International Symposium on
Drylands Ecology and Human Security


Wael M. I. Al-Azaizeh

Al al-Bayt University, Mafraq, Jordan


The research aimed to better understand the hydrogeology of the alluvial shallow perched aquifers in Wadi el-Ghussein in Tulul al Ashaqif area of the northeast Badia of Jordan.

Many generations of local Bedouins have dug wells by hand in the wadi and exploited the available water, which helped to support their water requirements.  Recent studies have suggested that these aquifers are renewable, widespread and can be used as a water resource, provided that they are managed in a sustainable manner.  This requires a full understanding of the hydrology of the aquifer.
Several techniques were used to collect data needed to better understanding of the hydrological situation in Wadi el-Ghussein. Total station surveys were used to draw a detailed topographic map for the study area, and hydrometers were used to check the elevation of the groundwater, and to draw ground water contours directly.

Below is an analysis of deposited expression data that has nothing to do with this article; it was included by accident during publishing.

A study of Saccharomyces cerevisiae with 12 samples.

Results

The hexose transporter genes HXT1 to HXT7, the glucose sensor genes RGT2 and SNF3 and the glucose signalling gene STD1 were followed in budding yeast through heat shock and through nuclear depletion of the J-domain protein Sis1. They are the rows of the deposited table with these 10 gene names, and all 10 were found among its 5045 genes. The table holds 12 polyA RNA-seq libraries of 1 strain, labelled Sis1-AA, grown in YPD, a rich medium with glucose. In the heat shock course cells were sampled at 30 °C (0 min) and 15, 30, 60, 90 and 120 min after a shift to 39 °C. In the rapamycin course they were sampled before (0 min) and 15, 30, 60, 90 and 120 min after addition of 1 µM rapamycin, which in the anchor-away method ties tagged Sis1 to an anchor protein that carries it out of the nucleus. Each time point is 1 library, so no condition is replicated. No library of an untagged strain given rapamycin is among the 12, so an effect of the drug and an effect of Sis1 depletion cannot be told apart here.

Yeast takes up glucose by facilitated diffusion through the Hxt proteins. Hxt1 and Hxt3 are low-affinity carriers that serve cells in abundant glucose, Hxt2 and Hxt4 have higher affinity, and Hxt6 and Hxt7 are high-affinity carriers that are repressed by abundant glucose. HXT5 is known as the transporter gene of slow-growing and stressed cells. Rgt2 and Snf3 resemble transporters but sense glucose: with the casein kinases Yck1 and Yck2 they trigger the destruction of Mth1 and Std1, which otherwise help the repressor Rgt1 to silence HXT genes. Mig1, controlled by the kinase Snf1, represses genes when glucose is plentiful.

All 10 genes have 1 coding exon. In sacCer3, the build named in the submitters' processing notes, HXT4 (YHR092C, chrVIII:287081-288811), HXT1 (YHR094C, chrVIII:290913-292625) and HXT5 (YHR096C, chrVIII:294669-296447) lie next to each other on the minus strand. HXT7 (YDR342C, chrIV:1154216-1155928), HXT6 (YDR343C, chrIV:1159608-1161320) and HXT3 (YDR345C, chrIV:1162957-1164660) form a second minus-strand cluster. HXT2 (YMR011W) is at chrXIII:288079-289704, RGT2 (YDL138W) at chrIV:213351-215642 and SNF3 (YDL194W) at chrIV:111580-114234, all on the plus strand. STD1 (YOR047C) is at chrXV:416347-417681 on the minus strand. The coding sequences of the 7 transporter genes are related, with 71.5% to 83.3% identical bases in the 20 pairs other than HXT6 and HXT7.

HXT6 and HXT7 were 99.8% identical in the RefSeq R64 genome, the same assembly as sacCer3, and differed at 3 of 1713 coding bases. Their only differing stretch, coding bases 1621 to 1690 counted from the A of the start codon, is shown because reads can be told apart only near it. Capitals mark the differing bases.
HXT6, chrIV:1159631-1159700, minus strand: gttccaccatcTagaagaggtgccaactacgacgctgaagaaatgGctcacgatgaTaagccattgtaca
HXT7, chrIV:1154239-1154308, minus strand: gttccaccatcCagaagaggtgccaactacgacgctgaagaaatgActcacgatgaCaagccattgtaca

Very low frequency geophysical equipment (VLF) were used to determine the lateral extents and depths to the groundwater level along different profiles of the wadi and under the basalt pavements where direct measurements were not available.  Samples of groundwater were collected for geochemical modeling and to check for the quality of the water. Analysis of the results of data led to determine the flow directions of water, which were confirmed by geochemical modeling.
The general groundwater flow direction is from outside the wadi (basalt pavement) towards the center of the wadi and from the NW towards SE along the course of the wadi. Within the wadi, there were clearly detected areas with recharge and discharge (towards deeper aquifers). Geochemical modeling confirms these conclusions. VLF data analysis also indicate, that lateral extents of water is limited to the wadi bed, except in limited areas such as meanders where groundwater extends under some points of the basalt pavement.

Water quality is close to the permissible Jordanian and World Health Organization (WHO) standards, and the plot of the chemistry of the sampled water on the Piper diagram led to it’s classification as carbonate water.